Local ladies donate hair to Locks of Love

Jennifer Mize, being styled by Apryl McCullough, will immediately begin growing out her hair so she can donate to Locks for Love next year.

Jennifer Mize, being styled by Apryl McCullough, will immediately begin growing out her hair so she can donate to Locks for Love next year.


Staff Photos: Erin Evans Melody Dobbs holds a freshly cut 18-inch ponytail while stylist Heather Davis completes her new look.

COVINGTON - On Wednesday morning, a group of women gathered at a hair salon in downtown Covington to have their hair chopped off so children with cancer and other diseases can feel a little better.

Physique Hair Gallery co-owner Apryl McCullough, a breast cancer survivor, knows all about the emotional toll of such a devastating diagnosis. When she decided to try to lessen that toll and bring a smile to the faces of children who are suffering hair loss, salon co-owner Marcella Moore and the other stylists were all for it.

The ladies hosted "Looks, Locks and Laughter," an event to benefit Locks for Love, which supplies hairpieces from real hair to disadvantaged children age 21 and under, from 10 a.m. to 1 p.m. Wednesday. Before the day was done eight to 10 women were expected to have hair at least 10 inches shorter, the minimum requirement per donation. The haircuts, along with make-up, refreshments and before and after photos, were all complimentary.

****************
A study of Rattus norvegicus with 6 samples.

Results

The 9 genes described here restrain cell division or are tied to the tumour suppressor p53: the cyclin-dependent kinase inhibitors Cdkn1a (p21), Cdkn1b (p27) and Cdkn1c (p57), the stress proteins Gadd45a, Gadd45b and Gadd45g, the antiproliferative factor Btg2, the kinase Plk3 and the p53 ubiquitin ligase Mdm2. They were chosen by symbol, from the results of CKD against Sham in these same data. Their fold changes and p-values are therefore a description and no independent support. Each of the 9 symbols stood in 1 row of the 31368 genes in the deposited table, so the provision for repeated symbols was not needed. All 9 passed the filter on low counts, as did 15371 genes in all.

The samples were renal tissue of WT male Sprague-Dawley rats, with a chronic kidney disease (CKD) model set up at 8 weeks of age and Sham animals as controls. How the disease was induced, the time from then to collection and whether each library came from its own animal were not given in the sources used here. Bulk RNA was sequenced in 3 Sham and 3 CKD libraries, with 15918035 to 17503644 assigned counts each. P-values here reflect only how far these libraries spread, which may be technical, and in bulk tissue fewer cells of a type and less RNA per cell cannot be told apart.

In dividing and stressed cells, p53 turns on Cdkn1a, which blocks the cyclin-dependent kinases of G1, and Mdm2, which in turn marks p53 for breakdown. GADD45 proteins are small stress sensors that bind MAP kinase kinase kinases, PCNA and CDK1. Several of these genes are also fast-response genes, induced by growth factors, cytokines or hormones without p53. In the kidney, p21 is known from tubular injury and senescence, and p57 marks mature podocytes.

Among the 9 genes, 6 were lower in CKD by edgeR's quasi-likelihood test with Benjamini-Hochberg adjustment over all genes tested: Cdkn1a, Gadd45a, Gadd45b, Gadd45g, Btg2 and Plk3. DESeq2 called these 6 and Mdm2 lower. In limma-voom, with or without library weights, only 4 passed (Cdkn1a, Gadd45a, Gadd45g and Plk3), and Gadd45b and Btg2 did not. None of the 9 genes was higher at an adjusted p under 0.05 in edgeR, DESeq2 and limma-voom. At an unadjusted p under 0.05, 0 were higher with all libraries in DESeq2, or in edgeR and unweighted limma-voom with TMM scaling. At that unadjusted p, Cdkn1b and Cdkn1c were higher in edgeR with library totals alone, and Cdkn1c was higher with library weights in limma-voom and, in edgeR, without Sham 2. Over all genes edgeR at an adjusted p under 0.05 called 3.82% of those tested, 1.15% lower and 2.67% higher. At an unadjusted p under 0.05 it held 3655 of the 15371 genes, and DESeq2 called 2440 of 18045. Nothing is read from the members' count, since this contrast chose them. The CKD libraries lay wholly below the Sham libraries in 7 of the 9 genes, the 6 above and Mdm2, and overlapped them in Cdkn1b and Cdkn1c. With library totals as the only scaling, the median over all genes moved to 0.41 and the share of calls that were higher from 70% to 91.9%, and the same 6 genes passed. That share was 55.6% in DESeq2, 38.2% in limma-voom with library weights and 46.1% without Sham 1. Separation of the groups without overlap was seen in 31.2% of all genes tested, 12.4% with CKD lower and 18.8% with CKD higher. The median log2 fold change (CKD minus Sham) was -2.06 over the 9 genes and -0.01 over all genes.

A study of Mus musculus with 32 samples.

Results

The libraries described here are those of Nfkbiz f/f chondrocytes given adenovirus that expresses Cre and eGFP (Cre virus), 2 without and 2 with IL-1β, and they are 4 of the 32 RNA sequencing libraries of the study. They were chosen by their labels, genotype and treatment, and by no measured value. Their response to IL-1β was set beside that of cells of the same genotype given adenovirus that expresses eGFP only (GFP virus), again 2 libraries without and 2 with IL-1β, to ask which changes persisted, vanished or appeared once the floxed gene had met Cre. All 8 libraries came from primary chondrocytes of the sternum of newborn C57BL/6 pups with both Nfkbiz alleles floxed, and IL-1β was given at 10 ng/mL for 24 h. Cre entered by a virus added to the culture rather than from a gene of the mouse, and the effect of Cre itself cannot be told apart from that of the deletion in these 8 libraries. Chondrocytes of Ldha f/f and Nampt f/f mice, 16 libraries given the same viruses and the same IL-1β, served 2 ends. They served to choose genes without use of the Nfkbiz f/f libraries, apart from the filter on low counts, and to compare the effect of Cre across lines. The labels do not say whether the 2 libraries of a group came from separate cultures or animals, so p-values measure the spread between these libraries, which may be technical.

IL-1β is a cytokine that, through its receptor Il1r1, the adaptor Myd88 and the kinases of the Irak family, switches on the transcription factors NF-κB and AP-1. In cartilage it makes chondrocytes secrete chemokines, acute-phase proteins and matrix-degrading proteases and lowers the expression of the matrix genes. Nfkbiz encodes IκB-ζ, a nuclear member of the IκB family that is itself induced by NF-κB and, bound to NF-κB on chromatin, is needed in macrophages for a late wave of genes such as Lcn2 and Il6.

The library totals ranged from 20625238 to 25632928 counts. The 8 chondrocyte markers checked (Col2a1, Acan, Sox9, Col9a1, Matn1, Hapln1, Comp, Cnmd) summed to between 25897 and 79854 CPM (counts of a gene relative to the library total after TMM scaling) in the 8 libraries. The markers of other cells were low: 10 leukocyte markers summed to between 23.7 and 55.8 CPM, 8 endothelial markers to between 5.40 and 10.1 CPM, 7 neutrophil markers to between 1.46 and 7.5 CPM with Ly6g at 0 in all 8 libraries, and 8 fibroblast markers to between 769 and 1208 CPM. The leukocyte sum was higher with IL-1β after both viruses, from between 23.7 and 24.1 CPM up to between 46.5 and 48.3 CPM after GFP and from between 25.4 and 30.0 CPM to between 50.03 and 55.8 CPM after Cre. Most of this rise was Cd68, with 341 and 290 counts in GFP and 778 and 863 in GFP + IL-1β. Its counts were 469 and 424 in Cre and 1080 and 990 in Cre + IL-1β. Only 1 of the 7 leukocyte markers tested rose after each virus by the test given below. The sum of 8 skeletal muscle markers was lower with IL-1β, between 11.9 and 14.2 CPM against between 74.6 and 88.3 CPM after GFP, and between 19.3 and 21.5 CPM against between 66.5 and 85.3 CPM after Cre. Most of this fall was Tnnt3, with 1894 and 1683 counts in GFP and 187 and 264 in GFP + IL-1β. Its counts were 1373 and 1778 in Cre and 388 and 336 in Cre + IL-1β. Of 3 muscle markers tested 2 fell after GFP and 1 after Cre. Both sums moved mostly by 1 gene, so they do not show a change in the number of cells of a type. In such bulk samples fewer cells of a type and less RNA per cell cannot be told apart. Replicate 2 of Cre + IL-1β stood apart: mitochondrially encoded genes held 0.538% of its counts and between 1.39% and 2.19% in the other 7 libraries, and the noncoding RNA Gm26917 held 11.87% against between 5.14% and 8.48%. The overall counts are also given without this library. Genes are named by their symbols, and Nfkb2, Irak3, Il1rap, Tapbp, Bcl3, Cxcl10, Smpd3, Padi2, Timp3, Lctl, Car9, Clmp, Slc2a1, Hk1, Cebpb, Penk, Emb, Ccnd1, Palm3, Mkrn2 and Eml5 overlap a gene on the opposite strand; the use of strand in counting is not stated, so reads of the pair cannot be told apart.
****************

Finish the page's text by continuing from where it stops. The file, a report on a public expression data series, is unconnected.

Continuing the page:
Amanda Bolen, age 15 and a student at Eastside High School, was eager to participate after learning about the good cause from her stylist. Bolen's hair fell mid-back before she had it cut to shoulder-length.

"I just thought it was really cool. I wasn't going to use the hair so it might as well go to someone else who can use it," she said.

Jennifer Mize of Union Point, Ga., near Lake Oconee, grows her hair out every year specifically to donate to Locks for Love. Her auburn locks were nearly to her waist before McCullough lopped off 17 inches. Mize's mother had breast cancer and her grandmother had ovarian cancer.

"Since cancer runs in our family, I just want to do all I can," she said.

Wednesday's haircut will be the last for Mize for another year, as she will start growing it out immediately to prepare to donate again.

Melody Dobbs of Covington has lost several good friends to cancer. She had 18 inches of hair cut off and the remainder was styled into a chic bob. It took her between three and four years to grow her hair to nearly waist-length.

"I have hair and I can let it grow. People that don't have it, I feel like I can help," she said.

Fran Blackwell of Mansfield brought in a picture of actress Helen Mirren as inspiration for her stylist. She was motivated to participate by a friend who has donated to Locks for Love.

"I believe in recycling. If you can recycle hair, why not?" she said.

McCullough said she hopes to make "Looks, Locks and Laughter" an annual event. For more information on Locks for Love, visit www.locksoflove.org.